PCYC Mount Isa ‘yarn bombing’ in support of Domestic and Family Violence Prevention Month
Due to the rapid and challenging social changes brought on by the COVID-19 pandemic, PCYC Queensland has continued to remain agile and inventive in finding ways to provide support to families in need, especially those experiencing domestic and family violence (DFV).
Each May, Queensland honours Domestic and Family Violence Prevention Month and this month PCYC Mount Isa is proud to support the Healthy Families Yarn project to raise community awareness of domestic and family violence, and send a clear message that domestic and family violence will not be tolerated in our families and homes.
Developed by the Mount Isa Domestic Violence Action Group in collaboration with Mount Isa City Council and Mount Isa Tourism Association, the Healthy Families Yarn initiative encourages families and community members to pick up some yarn and get involved in yarn bombing (using knitted or crocheted yarn to cover objects), and have a yarn about what keeps families healthy and safe in an effort to prevent domestic and family violence.
First commencing in November 2019 with the first yarn bombings taking place at iconic sites in Mount Isa, the project has grown to reach the entire community, with hundreds of families now yarn bombing their front yards, letterboxes and cars, and sharing their pictures on the Healthy Families Yarn Facebook page.
Research from the Mount Isa Domestic Violence Action Group says they discovered that that families who have the yarn, who understand their strengths and who learn to talk through their challenges are less likely to engage in domestic and family violence.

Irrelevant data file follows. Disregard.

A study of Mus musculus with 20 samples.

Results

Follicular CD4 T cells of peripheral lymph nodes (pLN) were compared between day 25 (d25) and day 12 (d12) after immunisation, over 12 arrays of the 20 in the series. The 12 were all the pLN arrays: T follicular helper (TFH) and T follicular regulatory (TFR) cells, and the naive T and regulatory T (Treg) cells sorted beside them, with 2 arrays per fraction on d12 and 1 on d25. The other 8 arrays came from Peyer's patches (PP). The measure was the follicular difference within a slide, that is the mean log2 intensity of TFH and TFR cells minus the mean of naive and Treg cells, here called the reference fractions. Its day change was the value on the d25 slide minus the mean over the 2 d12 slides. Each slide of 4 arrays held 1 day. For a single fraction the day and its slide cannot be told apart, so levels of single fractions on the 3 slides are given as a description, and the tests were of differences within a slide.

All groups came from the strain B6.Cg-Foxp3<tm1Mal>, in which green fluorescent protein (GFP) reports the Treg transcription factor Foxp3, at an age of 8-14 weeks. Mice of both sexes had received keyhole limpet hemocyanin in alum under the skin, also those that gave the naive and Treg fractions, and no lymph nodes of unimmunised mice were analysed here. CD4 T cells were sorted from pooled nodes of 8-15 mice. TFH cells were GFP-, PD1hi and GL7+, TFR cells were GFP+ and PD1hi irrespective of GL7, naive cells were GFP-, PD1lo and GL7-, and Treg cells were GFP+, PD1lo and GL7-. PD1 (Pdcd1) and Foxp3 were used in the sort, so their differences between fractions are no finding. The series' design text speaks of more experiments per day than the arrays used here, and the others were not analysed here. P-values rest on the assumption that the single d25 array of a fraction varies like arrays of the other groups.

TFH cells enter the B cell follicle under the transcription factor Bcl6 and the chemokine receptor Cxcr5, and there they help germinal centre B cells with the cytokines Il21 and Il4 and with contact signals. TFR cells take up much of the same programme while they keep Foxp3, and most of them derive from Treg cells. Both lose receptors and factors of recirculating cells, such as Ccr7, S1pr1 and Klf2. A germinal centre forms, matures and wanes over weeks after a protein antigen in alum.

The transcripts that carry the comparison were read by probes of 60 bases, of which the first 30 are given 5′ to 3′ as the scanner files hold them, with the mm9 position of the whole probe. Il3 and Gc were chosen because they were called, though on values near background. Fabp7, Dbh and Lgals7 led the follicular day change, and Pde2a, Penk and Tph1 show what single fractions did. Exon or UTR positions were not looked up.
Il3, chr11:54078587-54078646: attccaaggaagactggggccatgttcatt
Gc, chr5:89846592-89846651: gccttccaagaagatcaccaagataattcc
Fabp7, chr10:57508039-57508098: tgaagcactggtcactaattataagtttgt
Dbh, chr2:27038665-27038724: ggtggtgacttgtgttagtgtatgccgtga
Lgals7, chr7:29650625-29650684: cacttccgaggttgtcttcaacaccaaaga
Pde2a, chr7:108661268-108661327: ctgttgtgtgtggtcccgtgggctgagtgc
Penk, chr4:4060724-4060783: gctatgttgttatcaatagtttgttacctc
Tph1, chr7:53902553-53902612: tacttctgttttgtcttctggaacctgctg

To show their support, staff and volunteers at PCYC Mount Isa have been knitting away to yarn bomb the club sign and office spaces.
PCYC Mount Isa branch manager Sergeant Bernadette Strow is in full support of this wonderful project.
“Through Healthy Families Yarn we are helping to raise awareness and encourage a public conversation around healthy families, as families that communicate well are less likely to fall into patterns of domestic and family violence,” said Sergeant Strow.
“We have been asking our members and the community to have a yarn amongst their own families, asking questions like: What keeps our family strong? How do we ‘do’ a healthy family? When things get tough, what can we do to keep each other safe? How can we help each other through stress?”
“By doing this, we encourage the conversation and the public awareness of what keeps families safe and healthy. During this pandemic, encouraging social connection and helping those in need is more important than ever.”
For more information visit PCYC Mount Isa.